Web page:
Retail Gazette Loves: Online retailers reimagined as bricks & mortar stores

Etsy bricks and mortar

Ever wondered how online retailers would look as bricks and mortar stores?

Carl Eden from ecommerce software agency Displaysense has reimagined how Boohoo, Amazon, Etsy, Zavvi, and Ebay would look as physical stores and the designs are intriguing.

High street retailers have given consumers what they’ve wanted for years, but as the digital age has developed, many consumers have relied on online retailers and deliveries to get their shopping done.

So what if your favourite online retailers were actual high street shops? Let’s do a bit of online window shopping.

Eden reimagined Etsy as a Parisian store filled to the rafters with homemade goods with vintage finds because of the retailer’s speciality in selling vintage items.

The store is also decorated with arts and crafts that are all for sale, and a mysterious cat is resting outside to emphasise the Parisian theme.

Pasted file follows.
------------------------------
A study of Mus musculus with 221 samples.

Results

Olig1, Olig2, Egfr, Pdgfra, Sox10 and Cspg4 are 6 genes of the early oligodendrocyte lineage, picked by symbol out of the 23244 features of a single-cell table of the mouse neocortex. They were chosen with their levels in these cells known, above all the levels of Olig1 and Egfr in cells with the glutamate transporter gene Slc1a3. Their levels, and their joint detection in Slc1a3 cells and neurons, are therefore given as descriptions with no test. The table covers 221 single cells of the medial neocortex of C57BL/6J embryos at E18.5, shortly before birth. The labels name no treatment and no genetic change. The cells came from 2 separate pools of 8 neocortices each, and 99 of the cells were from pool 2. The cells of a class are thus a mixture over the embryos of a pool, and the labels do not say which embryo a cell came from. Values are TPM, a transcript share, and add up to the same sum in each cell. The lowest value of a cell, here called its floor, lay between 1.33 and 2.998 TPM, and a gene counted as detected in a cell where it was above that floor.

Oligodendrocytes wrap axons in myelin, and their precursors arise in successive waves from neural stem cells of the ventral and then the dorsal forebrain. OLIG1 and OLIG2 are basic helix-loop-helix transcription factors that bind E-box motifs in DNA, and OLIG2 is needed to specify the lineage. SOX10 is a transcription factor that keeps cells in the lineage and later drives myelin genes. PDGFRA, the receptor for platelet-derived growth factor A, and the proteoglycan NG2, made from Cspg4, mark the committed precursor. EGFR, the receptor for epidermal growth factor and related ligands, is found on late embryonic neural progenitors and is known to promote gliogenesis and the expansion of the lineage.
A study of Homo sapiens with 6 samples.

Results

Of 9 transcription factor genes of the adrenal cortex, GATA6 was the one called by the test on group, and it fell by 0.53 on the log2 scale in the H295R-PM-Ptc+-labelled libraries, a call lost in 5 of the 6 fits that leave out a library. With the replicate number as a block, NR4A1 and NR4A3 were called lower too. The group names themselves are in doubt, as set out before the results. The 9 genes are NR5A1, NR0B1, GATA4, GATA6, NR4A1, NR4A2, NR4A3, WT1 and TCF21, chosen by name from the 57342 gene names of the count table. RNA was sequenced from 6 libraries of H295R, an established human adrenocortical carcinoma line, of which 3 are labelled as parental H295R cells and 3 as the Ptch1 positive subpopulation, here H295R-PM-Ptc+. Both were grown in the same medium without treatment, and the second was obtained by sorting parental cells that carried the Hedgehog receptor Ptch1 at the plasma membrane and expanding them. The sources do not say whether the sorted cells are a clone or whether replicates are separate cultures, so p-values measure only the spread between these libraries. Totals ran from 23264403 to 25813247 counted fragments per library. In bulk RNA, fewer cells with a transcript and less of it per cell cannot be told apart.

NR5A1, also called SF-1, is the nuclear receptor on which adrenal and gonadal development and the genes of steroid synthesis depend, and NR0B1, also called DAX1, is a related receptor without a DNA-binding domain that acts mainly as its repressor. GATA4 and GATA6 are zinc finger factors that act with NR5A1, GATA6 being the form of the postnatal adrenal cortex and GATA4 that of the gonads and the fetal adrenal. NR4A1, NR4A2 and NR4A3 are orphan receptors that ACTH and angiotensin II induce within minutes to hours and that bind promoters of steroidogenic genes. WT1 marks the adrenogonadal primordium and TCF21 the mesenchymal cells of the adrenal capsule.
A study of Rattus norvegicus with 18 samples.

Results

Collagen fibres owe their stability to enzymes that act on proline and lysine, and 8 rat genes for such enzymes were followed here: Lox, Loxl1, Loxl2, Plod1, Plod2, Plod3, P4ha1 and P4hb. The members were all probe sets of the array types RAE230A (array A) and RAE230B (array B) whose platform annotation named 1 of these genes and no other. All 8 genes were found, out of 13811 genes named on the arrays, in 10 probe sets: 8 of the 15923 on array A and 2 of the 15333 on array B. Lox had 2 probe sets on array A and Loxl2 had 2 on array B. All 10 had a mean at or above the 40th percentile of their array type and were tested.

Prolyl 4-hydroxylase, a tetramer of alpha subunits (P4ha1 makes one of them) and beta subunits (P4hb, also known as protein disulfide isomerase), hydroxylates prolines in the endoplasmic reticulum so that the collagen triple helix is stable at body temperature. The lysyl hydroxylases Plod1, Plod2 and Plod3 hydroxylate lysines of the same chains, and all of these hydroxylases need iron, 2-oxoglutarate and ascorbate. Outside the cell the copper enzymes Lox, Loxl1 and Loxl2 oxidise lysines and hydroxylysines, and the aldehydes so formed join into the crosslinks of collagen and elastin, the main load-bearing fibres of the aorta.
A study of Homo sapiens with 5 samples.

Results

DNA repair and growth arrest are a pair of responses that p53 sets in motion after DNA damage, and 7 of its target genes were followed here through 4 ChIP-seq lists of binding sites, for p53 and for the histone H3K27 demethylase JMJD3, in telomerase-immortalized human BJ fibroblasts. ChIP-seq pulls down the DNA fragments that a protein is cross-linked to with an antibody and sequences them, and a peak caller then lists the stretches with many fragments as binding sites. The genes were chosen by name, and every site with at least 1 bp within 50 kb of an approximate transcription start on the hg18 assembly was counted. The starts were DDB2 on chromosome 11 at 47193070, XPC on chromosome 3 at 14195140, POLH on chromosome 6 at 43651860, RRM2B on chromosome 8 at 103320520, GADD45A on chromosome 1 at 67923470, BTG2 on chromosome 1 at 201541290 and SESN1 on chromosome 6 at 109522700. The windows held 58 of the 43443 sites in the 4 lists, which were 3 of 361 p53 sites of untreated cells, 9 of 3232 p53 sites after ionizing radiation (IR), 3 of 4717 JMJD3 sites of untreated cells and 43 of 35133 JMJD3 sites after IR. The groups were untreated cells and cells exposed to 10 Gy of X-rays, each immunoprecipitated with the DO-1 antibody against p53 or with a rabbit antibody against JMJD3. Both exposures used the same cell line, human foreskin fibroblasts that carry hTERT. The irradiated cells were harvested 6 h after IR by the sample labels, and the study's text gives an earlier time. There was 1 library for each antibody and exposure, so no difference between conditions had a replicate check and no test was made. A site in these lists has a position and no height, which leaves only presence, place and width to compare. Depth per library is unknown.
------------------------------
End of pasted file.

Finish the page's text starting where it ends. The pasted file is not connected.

Meanwhile, Ebay was reimagined as a bargain store where you can find “whatever you want, whatever price”. The store is represented as a wonderland for bargain hunters with all its items being on sale. From cookers to bicycle wheels, consumers can find whatever they’re looking for at this store.

Boohoo looks like any other Topshop, New Look or Zara store, with a pink neon sign outside and mannequins modelling the latest pieces the store has to offer.

There are also large mirrors around the store and an elegant staircase to lead you to the menswear floor.

BoohooAmazon on the other hand, represents a large department store according to Eden, featuring 18 floors and selling everything from computers to gardening equipment.

Amazon’s popularity is evident within this design, as each floor represents a different need as the retailer caters to all consumers.

AmazonMeanwhile, Zavvi is reimagined as a mecca for music and gaming lovers.

Consumers can shop here and pick out the latest comics, as well as play retro arcade games and rent out DVDs. The store certainly represents the early 2000s when consumers relied on stores such as Blockbuster to find the latest movies.